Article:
The Social Network for Innovators in Motion
Welcome to Archived'it
Launch Date: 12th June 2012 at Midday archivedit.org
Back in summer 2011 I pitched the idea of working with Dartington Hall Trust’s Archive Collection to create a web application that would encourage an online audience to engage with the archive creatively. A year on, and with the help of filmmaker Alice Powell, web developer Luke Shumard and composer Ólafur Arnalds, Archived’it is finally here!
We’ve been working with a silent black and white piece of archive footage titled ‘Dance on Steps’ (1934). The film features the enchanting dance and mime student Teda de Moor performing angular and bound movement, swaying back and forth as she progresses up constructed stairs on a stage. Cutting in at just under a minute we set ourselves the task of giving ‘Dance on Steps’ a new lease of life.
I taught myself Teda de Moor’s movement, played around with reacting to it as if she were in the studio with me then created my own choreographic response. Alice filmed the material in a green room then incorporated my response into the original footage.
How it works
The HTML5 web application allows the user to create their own version of ‘Dance on Steps’ using the remixed content. Using a + interface concept, Archived'it has been created purely from open source technology. Ólafur’s music will automatically attach itself to your film; so it’s up to you how much of the track you use.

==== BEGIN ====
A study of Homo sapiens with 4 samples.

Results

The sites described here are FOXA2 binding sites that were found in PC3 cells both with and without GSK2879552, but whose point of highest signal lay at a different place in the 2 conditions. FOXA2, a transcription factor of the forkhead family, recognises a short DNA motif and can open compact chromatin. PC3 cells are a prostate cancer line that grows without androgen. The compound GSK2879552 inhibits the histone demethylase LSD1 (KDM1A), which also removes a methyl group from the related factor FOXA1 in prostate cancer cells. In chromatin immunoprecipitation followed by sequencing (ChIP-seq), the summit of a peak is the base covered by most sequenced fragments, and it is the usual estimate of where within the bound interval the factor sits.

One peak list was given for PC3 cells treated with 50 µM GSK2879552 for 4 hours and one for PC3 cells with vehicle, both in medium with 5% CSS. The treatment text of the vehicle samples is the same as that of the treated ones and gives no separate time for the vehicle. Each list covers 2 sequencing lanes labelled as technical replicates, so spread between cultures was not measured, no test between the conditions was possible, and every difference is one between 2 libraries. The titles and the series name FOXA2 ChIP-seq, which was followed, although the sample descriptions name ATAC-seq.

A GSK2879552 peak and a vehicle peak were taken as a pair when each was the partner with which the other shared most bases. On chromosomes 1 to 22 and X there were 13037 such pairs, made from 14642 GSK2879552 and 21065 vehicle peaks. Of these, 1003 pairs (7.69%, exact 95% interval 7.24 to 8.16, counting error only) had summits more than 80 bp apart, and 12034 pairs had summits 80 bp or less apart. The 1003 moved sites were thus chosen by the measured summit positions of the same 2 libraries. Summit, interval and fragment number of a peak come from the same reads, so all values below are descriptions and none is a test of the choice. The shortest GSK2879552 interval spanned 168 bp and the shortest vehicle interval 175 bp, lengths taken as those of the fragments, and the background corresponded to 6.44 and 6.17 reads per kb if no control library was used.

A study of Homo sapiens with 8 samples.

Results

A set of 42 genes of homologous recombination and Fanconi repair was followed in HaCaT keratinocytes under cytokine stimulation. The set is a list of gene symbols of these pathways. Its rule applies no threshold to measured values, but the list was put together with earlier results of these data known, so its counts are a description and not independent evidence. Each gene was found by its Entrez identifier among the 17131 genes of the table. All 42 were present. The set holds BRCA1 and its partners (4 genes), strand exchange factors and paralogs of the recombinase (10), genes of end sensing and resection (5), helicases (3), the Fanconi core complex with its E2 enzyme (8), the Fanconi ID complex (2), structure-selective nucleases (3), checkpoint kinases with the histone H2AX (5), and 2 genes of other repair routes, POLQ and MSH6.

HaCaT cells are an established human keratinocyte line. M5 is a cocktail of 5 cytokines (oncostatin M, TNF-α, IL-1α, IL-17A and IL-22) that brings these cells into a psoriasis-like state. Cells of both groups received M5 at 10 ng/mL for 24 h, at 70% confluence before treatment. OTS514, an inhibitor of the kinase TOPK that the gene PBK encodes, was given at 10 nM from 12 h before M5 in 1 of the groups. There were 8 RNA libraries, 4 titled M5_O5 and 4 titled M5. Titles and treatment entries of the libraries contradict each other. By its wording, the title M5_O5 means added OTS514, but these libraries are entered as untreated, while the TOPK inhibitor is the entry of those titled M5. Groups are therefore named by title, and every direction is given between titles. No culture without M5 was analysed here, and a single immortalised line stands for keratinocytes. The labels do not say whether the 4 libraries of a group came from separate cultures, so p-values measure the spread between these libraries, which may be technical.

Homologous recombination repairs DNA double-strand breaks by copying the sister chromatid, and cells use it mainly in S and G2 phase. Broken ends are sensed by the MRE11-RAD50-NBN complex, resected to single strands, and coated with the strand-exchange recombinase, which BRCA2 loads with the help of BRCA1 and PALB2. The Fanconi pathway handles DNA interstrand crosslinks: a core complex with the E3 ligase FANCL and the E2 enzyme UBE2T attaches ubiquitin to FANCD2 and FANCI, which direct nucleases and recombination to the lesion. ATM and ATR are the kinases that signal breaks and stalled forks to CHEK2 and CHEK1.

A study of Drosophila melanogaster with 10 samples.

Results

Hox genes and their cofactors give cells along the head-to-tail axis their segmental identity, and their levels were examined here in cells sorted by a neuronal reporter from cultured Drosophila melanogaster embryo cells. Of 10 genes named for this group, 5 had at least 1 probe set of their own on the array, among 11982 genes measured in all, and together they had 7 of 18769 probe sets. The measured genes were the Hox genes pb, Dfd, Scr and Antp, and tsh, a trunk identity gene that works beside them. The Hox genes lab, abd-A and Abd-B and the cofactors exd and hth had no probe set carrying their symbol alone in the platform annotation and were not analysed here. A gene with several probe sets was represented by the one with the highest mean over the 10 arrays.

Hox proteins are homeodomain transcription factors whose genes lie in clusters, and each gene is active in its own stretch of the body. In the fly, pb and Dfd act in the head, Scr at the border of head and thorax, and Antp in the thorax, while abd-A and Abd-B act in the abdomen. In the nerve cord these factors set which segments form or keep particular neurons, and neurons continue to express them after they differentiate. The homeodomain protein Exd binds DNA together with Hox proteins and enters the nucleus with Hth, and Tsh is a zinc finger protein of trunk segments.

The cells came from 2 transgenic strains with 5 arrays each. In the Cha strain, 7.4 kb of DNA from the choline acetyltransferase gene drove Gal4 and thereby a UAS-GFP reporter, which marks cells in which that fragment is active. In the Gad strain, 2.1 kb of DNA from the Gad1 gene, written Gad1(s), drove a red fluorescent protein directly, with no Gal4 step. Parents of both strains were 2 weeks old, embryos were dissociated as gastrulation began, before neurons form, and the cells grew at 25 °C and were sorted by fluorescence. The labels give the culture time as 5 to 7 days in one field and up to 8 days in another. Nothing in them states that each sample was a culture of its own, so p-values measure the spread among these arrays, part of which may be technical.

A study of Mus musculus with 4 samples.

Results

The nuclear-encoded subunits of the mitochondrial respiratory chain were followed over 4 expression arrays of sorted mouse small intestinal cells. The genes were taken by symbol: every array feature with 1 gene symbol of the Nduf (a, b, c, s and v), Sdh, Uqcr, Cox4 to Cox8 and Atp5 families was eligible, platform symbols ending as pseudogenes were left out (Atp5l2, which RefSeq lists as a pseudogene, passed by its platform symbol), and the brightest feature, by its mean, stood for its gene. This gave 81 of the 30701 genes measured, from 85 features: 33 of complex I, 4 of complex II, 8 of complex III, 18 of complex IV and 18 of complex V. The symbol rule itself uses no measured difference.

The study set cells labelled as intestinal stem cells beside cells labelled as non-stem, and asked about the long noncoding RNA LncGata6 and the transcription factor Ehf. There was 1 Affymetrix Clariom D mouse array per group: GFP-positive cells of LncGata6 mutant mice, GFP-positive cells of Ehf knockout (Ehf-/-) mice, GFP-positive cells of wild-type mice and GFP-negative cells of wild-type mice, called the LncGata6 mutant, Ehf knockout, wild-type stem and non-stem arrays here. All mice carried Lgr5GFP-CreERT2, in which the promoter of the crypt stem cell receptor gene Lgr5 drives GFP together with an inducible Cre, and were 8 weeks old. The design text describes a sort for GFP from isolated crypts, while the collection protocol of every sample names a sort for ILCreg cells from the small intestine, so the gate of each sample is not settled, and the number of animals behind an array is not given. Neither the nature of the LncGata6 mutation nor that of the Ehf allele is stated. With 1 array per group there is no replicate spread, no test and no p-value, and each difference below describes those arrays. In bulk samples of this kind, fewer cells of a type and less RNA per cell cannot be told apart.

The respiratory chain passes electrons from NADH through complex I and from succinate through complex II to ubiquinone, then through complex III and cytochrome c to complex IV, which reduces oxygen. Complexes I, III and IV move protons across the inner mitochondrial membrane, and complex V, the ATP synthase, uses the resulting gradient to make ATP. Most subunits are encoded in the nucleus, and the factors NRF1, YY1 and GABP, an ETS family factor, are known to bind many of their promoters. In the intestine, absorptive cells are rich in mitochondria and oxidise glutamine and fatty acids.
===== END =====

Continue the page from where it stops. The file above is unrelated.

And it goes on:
The idea is once arranged to your liking, save and share!
One response to digitised archive
Jaron Lanier states in his inspired book ‘You Are Not A Gadget’ (2011)
“Ironically, advertising is now singled out as the only form of expression meriting genuine commercial protection in the new world to come. Any other form of expression is to be remashed, anonymized, and decontextualized to the point of meaninglessness”
I’d like to think with Archived’it we have been able to find one way of ‘remashing’ with meaning. We have taken a piece of incomplete archive footage, the author lost to time, and deconstructed/re-imagined the 55 seconds of content into an artistic statement that has not only been informed by the past but responds to a digital future.